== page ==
Testing Snow Performance’s Comp One water-meth system on a 2014 Shelby GT500
By Steve Turner
Photos courtesy of Snow Performance
We absolutely love power-adders. When Ford made factory boost mainstream with the Terminator in the early 2000s, it really changed the aftermarket bolt-on performance landscape. Certainly superchargers were part of the consciousness, but when SVT brought them to the Cobra, they entered the mainstream.
Plain and simple, boost works. Multi-valve modular engines, in particular, seem to blossom when you force-feed them air. Of course, if a little boost is good, a lot must be better, right? Yes and no. As you ramp up boost, you can also decrease a blower’s efficiency and add a lot of heat. More heat means running less ignition timing to avoid detonation. Reduced timing, means reduced power.
Now, there are many ways to cool down boost and strike a better balance. Some add larger intercoolers, while others resort to running race gas. Matt Snow has long been a proponent of chemical intercooling. He and his company have developed a whole line of water-methanol injection systems under the Snow Performance banner. For gasoline engines, the headlining product in the Snow repertoire is the Comp One-G system.
“The Comp-One is really the next evolution of water-methanol injection. We realized that many wanted a comprehensive system that would take all the guesswork out of it. Now you don’t have to go to a dyno and have a shop retune to realize the full potential of your water-methanol injection system—plug and play,” Matt explained. “A performance water-methanol tune is included. Also, so there’s no need to buy a separate programmer, water-methanol injection system, gauges, diagnostic code readers, and a G-tech—the Comp-One has them all.”
Looking for an appropriate test bed for this system, Matt and company opted to try it out on Ford SVT’s latest bad boy, the 2014 Shelby GT500. With a TVS-supercharged Trinity 5.8-liter engine underhood, this GT500 is the baddest factory-built Shelby to hit the streets so far. Its OEM supercharger configuration makes it an ideal candidate for modifications, and cooler inlet temps.
“Along with the above, Ford engineered many engine safeguards into the new GT500. Along with closed-loop knock control, the car is extremely sensitive to heat. The intake air temp and engine coolant temp maps aggressively pull timing with temp increase resulting in large power losses when heat-soaked. Also, if temperatures or other key values are extremely high, the car will actually open up the supercharger bypass valve to lower boost immediately, which we experienced while experimenting with heat soak and many back-to-back dyno runs,” Matt said. “Water-methanol injection keeps IATs and other values low so the engines computer keeps all the timing and boost in the car for max power all the time. How does tuning for a water-meth system differ from traditional tuning strategy?”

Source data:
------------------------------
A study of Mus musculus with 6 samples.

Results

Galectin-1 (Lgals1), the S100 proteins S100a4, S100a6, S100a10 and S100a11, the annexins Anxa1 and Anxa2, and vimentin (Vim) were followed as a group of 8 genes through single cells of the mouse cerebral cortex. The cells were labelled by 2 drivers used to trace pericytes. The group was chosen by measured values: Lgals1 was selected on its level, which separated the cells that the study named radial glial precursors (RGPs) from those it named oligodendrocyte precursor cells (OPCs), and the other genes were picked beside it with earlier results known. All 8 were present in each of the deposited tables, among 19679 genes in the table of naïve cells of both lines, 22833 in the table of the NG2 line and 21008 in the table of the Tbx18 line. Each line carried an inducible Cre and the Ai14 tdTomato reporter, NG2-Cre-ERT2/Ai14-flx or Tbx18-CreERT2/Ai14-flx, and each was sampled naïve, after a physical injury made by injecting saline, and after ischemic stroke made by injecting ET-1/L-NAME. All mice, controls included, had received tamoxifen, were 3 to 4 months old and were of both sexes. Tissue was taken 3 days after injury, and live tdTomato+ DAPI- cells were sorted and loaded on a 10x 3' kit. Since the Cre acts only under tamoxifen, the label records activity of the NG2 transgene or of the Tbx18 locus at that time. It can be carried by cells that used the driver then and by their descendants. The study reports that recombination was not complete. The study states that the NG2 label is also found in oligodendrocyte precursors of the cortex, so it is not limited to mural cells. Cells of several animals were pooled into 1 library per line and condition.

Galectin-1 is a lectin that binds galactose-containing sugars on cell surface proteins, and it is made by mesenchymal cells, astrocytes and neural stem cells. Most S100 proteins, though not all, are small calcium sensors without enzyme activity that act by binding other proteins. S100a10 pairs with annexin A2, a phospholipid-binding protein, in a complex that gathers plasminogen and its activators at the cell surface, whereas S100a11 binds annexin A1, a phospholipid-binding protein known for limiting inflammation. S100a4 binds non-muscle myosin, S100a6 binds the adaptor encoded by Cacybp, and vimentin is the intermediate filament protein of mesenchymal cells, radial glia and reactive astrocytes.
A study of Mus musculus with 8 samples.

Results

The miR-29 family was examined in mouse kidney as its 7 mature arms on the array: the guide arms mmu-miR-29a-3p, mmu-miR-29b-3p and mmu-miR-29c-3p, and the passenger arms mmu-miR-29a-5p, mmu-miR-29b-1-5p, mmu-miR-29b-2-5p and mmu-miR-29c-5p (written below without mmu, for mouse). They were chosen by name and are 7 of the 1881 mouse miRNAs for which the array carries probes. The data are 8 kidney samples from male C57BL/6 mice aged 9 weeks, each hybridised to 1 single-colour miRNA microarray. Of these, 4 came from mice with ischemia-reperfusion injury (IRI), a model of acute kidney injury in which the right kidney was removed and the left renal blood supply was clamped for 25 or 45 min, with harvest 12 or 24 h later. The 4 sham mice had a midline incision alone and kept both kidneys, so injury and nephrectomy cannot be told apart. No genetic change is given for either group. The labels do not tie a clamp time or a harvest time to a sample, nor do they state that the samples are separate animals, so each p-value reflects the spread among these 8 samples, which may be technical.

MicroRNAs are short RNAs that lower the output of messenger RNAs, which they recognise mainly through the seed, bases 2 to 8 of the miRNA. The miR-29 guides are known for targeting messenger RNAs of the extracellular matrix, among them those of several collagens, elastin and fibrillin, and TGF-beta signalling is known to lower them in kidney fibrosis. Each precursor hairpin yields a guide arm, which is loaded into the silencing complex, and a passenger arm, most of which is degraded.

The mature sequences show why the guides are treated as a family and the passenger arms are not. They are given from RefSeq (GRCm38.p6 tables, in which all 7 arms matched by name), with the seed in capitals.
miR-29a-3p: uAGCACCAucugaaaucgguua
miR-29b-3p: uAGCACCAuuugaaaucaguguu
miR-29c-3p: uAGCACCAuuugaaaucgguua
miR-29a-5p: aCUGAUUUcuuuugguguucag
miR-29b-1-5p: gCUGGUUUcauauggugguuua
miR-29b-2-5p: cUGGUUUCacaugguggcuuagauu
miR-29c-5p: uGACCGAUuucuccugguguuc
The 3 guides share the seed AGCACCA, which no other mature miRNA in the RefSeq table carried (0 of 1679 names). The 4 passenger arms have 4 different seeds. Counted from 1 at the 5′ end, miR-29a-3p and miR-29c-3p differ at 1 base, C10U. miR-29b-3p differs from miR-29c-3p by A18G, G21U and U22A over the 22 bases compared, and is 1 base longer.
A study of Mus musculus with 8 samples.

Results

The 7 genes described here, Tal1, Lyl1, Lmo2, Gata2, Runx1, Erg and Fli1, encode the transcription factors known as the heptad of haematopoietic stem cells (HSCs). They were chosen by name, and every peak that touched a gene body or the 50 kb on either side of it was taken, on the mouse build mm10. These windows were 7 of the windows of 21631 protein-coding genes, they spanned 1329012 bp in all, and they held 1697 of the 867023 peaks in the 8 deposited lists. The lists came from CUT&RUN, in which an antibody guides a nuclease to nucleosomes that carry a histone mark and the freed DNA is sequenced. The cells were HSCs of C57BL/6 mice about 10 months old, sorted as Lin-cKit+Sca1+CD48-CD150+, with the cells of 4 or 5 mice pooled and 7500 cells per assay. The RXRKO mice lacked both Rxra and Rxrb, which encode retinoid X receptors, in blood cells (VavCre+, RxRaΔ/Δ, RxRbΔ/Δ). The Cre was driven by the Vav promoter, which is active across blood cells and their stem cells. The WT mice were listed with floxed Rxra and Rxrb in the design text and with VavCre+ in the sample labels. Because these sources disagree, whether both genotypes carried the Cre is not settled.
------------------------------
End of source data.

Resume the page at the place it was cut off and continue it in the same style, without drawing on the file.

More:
Because of its combination of modern fuel injection and supercharging, the 2014 GT500 was particularly suited for the technology offered by the all-in-one Comp One system.
“The fact that the Comp One uses both Boost and Fuel injector pulse width in modulating water-meth injection is important for positive displacement supercharged applications like the GT500. These get full boost at such low rpm that if boost alone is used; it results in over injecting and loss of drivability in lower-to mid rpm. This system uses a 2D map where one can weight the map to inject more from fuel-injector pulse width (correlates to horsepower) rather than just boost for smooth power,” Matt explained. “Also, it commands two nozzles independently, typically a small nozzle is brought in early and a larger nozzle later when the engine can take the volume. This results in a wider range of injection with the greatest amount of cooling and detonation control.”
In addition to the traditional before-and-after dyno testing, which took place at Rocky Mountain Competitive Research, Snow wanted to further document the benefits of injecting water-meth on a blown Mustang. As such, the employed an interesting imaging technology from FLIR Systems, Inc. to illustrate the blower-case temperatures.
“The FLIR Thermal Imager allows us to see the temperature differences graphically with and without water-methanol,” he said. “Before, we had to have people actually touch the intake after water-methanol injected dyno run to get the same effect. The intake is actually cold to the touch.”
Certainly it must be impressive to feel a cold blower housing after a run, but what most of us want to see are performance gains, and the Comp One system certainly delivered on this car. As Ford begins to move its factory power adders into the turbo realm, we couldn’t help but wonder how a system like this might benefit an EcoBoost Ford.
“We have been working on an EcoBoost F-150 and have our system ready for SEMA. The system uses a new injection strategy that includes boost, injector signal, and fuel pressure. Without giving key info, we found also that this engine requires a revised injection site. It responds well to water-meth as it has the same sensitivity to pulling timing with heat,” Matt said. “The beauty of this is these actually tune themselves. The PCM keeps bumping the timing threshold until slight spark knock is experienced. We have seen over 40 horsepower by just putting this on with no tuning required.”
That certainly sounds like an interesting story for another time. For now, enjoy the results of Snow water-meth on a GT500 (with bolt-ons from AmericanMuscle.com) as installed by Colorado Speed Company in Colorado Springs, Colorado.